Most people recognize that libraries, with their books, computers, and databases, are repositories of knowledge. But libraries also play an important role in cultivating local history.
The Southeast Florida Library Information Network (SEFLIN), a non-profit membership organization of southeast Florida libraries, grants a number of Breakthrough Digitization Awards each year to support projects that create and share significant local digital content. Of the four projects awarded this year, the FIU Libraries was a part of three.
The first project is the digitization of a special collection of sheet music from the FIU Libraries’ holdings. The Diaz-Ayala Cuban and Latin American Popular Music Collection (DAC), donated to the FIU Libraries in 2001, is one of the world’s most extensive publicly available collections of Cuban and Latin American music. The SEFLIN award will help digitize a specific sub-collection, the Libertad Lamarque Sheet Music Collection. Lamarque was an Argentine actress and singer and an icon of Golden Age Argentine and Mexican cinema. The digitization will not only preserve the original physical items but increase global access to the collection.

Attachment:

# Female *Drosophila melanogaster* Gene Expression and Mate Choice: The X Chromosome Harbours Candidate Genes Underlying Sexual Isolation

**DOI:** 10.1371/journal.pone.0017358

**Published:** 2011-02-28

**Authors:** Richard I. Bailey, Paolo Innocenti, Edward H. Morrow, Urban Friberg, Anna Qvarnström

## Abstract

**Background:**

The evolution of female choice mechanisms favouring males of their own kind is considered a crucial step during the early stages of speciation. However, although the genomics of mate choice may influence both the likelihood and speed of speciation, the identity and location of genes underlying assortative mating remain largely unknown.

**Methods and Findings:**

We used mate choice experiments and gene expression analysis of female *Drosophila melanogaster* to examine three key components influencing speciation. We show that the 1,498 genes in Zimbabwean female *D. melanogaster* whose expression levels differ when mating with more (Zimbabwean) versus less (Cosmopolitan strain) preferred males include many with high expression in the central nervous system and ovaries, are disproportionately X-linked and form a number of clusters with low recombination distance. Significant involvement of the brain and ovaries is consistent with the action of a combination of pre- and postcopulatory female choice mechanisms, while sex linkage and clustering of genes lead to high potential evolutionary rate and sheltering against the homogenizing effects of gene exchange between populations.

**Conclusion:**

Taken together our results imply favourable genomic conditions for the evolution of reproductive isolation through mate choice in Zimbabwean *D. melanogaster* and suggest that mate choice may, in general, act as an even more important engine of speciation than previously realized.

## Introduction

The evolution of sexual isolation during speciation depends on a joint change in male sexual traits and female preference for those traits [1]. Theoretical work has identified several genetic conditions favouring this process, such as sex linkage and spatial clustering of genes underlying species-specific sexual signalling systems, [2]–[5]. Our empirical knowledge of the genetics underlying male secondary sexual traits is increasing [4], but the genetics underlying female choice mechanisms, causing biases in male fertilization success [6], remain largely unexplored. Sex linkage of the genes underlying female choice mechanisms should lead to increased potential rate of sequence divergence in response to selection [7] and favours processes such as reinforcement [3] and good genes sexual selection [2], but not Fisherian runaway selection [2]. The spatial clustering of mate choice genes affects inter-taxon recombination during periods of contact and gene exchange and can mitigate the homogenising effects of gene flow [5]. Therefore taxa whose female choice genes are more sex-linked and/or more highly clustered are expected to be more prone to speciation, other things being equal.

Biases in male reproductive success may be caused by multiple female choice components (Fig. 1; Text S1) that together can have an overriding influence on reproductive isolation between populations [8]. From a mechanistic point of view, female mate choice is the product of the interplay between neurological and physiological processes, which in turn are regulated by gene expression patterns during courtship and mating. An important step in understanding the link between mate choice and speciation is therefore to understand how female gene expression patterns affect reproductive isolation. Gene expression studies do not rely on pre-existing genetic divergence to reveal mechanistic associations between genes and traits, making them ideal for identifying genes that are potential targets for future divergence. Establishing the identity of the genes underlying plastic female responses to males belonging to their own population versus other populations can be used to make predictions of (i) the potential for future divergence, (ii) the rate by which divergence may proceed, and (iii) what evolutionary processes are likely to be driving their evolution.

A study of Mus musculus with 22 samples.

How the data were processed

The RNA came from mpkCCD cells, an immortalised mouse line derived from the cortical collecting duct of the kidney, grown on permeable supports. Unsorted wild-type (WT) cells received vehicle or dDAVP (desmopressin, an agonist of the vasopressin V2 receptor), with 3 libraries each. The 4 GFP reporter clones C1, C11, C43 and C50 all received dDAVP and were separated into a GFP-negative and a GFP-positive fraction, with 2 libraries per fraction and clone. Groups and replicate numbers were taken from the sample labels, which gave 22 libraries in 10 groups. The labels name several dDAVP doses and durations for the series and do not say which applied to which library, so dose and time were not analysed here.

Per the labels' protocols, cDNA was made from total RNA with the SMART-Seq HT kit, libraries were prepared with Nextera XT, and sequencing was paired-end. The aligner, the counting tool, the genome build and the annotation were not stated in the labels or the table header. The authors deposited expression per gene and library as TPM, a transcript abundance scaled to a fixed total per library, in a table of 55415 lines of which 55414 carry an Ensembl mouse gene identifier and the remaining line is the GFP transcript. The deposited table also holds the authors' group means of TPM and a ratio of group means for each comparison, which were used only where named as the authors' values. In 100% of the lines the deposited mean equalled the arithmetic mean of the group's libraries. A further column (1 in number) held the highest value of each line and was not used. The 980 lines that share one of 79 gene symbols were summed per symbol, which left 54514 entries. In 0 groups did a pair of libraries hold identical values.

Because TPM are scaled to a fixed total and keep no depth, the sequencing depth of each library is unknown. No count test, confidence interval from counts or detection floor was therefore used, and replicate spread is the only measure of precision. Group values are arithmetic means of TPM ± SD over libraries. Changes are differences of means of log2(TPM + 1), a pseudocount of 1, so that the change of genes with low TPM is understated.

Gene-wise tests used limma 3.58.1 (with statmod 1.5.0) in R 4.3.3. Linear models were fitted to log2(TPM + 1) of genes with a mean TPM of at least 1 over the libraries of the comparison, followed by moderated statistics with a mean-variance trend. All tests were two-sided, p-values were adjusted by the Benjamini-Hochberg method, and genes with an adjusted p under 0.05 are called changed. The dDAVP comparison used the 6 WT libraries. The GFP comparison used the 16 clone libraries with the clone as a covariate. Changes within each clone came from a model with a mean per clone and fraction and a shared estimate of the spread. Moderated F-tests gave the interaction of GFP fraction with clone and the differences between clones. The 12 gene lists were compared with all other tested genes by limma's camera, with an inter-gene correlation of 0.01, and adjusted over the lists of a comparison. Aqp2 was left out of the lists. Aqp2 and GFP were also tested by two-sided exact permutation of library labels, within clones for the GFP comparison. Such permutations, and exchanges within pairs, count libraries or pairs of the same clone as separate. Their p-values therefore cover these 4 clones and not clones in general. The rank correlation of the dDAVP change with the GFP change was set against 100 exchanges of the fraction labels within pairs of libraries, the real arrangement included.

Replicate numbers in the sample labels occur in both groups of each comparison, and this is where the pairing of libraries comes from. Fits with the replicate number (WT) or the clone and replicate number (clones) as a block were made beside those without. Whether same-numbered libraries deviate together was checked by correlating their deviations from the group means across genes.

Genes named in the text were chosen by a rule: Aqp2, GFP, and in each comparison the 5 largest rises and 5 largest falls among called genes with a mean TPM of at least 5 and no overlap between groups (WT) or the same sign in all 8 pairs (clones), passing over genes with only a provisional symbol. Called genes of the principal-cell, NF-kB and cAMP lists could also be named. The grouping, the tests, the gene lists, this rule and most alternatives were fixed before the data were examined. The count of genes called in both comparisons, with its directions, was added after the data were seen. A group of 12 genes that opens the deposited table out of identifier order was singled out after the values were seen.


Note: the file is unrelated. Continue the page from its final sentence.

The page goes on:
“Many of these compositions are rare and valuable as they are no longer commercially available, and only a limited number exist in private hands and academic institutions,” according to Veronica Gonzalez, librarian in the FIU Libraries Sound and Image Department. “Now we can not only share this incredible music with new audiences, but provide a way for people to reconnect with their cultural roots and guarantee use of the collection for generations to come.”
The second project is a partnership with the Hampton House. Designated a local Miami-Dade historical landmark by the Miami-Dade County Historic Preservation Board in 2002, the Hampton House organizes community events, including History Harvests for the preservation of important, historic, community-donated materials with the goal of documenting and preserving Miami’s local history. Building on a collaborative History Harvest event held in February, Hampton House and the libraries are partnering to further Hampton House’s mission.
Members of the community will be invited to share memories and stories in interviews as well as items from their personal collections for digitization, allowing them to shape their own narrative. Jamie Rogers, head of the Digital Collections Center, wants “the community to feel invested in their history, so that we can continue these important collaborations.”
The final project is a partnership with the Brockway Memorial Library in Miami Shores. The library currently possesses roughly 1,000 archival items of significant interest to the history of Miami Shores, with a focus on early pioneers and residences.